Long-range wireless WiMax deployments are expected in 2007, but users should expect greater security than is currently...
In a report on WiMax deployments, analyst firm ABI Research said, “Contrary to many users' expectations, WiMax does have a number of security vulnerabilities. The need to plug those gaps in its defences creates attractive revenue opportunities for security solutions vendors.”
ABI analyst Stan Schatt said, "Early Wi-Fi users enjoyed a false sense of security until there were some well-publicised hacking exploits. The WiMax Forum industry body has emphasised how much more secure WiMax is than early Wi-Fi. As a result, there may be WiMax customers who are similarly lulled into a false sense of security."
The flaws, said Schatt, would begin to show themselves once the first big WiMax roll-outs occured.
He said that gaps in WiMax security fell into three categories: user terminals, intrusion detection, and connectivity service networks.
User terminals will need encryption acceleration to handle AES processing demands. At the edge of WiMax networks, access service networks offer the ideal place for vendors to add intrusion detection and protection software and hardware. And connectivity service networks, as part of carrier back offices, will require stateful firewall software or robust firewall appliances, as well as additional Radius servers to handle the extra load imposed by roaming clients on WiMax authentication.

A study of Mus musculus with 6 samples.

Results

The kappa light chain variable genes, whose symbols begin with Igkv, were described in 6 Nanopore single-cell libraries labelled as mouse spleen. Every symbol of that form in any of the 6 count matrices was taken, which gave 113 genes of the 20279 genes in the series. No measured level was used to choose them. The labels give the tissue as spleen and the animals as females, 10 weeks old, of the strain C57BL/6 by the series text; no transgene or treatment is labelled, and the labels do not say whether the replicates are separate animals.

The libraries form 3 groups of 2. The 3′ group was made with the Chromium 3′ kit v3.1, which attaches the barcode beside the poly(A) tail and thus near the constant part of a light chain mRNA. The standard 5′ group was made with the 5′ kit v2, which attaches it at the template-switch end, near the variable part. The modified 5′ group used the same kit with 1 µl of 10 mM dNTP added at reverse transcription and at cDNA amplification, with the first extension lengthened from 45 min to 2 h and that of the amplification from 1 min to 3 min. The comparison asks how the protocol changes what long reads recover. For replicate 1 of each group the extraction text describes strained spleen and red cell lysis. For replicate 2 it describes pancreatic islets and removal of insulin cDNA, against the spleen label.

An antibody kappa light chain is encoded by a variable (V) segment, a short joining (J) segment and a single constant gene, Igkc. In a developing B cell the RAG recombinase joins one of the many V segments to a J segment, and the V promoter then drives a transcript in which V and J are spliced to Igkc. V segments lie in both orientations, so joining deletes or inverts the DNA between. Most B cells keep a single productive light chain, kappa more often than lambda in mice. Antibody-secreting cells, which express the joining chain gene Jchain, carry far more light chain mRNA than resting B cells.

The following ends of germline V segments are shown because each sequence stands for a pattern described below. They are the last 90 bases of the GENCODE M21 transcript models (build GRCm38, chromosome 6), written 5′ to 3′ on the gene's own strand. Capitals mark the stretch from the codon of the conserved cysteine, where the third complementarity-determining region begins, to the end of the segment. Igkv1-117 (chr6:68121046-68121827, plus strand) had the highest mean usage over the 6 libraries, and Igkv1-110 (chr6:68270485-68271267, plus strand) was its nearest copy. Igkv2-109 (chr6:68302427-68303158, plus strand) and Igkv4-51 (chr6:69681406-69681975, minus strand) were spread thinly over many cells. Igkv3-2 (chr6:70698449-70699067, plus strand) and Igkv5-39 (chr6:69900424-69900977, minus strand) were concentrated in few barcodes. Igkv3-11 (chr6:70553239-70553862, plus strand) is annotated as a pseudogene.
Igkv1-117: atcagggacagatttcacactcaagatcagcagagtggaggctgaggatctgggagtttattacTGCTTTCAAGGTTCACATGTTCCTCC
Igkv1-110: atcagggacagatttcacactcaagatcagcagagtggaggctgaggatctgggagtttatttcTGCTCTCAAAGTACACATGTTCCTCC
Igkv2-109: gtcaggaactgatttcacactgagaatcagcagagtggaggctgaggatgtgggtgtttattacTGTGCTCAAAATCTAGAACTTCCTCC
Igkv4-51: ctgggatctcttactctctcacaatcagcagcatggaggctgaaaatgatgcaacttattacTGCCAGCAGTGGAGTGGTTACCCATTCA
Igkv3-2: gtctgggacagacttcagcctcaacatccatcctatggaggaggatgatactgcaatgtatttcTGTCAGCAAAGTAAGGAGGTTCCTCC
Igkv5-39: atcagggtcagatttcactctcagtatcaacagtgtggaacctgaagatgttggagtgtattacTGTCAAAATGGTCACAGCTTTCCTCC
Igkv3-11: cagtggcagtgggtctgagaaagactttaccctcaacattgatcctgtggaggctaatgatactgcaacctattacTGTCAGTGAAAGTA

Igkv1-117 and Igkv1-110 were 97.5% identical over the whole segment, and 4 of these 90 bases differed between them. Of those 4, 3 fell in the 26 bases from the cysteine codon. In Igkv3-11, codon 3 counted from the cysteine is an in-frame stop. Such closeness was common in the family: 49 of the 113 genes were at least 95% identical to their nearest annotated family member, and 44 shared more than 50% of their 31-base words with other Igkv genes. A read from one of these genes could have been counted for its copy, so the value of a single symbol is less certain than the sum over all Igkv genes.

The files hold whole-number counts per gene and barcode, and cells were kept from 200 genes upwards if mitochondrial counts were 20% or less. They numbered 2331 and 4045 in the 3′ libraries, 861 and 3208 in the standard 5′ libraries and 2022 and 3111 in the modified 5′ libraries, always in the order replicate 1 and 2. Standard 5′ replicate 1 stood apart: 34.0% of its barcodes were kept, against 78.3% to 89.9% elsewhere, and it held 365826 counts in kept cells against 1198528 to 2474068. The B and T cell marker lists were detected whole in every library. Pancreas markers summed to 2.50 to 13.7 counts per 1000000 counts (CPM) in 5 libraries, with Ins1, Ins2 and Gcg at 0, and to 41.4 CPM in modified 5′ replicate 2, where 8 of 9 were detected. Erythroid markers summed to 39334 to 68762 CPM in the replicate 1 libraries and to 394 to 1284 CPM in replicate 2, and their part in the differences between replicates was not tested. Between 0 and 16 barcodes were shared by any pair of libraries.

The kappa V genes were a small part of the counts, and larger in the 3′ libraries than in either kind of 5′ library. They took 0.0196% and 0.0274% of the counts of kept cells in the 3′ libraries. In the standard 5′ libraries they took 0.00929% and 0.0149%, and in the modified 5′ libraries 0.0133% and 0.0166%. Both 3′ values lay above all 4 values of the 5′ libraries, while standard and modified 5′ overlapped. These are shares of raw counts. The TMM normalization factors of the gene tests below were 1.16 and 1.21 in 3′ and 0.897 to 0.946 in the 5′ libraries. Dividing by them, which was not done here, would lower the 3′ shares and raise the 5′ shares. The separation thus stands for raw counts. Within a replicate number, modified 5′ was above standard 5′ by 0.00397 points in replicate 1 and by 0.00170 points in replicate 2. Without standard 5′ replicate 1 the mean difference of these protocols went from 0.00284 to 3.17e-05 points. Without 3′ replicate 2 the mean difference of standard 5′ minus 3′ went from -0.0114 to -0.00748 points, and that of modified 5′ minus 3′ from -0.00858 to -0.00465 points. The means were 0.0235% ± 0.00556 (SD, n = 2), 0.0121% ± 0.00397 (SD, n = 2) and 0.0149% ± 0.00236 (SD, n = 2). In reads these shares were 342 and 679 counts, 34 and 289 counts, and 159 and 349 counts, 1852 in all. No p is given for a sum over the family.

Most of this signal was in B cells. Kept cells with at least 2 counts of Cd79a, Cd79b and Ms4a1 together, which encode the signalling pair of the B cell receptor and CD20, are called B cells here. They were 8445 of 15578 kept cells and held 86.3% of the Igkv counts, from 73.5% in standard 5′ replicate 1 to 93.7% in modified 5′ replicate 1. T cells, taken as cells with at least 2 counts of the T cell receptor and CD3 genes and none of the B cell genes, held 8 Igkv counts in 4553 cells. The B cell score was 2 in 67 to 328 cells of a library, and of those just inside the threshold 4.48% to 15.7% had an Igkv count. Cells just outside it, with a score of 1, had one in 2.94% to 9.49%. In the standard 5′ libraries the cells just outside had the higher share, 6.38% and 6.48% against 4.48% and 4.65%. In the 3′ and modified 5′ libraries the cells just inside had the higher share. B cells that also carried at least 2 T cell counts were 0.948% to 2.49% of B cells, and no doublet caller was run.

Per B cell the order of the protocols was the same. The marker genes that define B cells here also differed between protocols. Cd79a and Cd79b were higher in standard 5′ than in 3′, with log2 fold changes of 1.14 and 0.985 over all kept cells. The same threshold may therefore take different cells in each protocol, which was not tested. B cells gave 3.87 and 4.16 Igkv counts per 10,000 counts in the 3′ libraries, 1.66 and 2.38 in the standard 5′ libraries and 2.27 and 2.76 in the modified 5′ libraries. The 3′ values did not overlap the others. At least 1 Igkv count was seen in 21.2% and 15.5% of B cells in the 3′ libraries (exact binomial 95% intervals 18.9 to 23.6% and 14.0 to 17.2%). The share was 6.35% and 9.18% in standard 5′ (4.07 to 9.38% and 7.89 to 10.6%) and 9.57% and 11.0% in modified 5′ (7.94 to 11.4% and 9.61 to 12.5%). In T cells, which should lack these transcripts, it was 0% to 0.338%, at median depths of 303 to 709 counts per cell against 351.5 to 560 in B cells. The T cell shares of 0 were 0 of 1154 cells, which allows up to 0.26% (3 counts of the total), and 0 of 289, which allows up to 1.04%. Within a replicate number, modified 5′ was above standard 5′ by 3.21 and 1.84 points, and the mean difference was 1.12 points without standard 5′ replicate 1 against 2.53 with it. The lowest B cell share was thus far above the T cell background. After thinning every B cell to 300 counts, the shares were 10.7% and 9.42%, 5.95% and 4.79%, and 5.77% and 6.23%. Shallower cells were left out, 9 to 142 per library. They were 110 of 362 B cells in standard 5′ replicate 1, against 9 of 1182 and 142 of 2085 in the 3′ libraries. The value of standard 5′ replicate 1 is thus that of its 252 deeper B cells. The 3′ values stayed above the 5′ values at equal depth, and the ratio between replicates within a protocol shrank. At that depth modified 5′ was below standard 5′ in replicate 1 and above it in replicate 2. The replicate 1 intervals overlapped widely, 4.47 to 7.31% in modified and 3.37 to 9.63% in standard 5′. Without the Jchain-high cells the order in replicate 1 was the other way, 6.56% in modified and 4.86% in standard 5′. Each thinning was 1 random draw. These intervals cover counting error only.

Schatt said that, with the exception of a few large companies, such as Motorola, Nortel and Alcatel, few WiMax vendors had the internal expertise to fill all these security gaps, which left the field open for a number of smaller specialised developers to create and supply solutions.
"To some extent, WiMax security specialists will attempt to sell solutions directly to end- users. But the lesson learned from Wi-Fi is that these products are most attractive to customers when tightly integrated. So most WiMax security solutions will be offered through partnerships with WiMax equipment vendors," he said.
Cavium Networks, AirTight Networks and Redline Communications are among companies already offering WiMax security tools.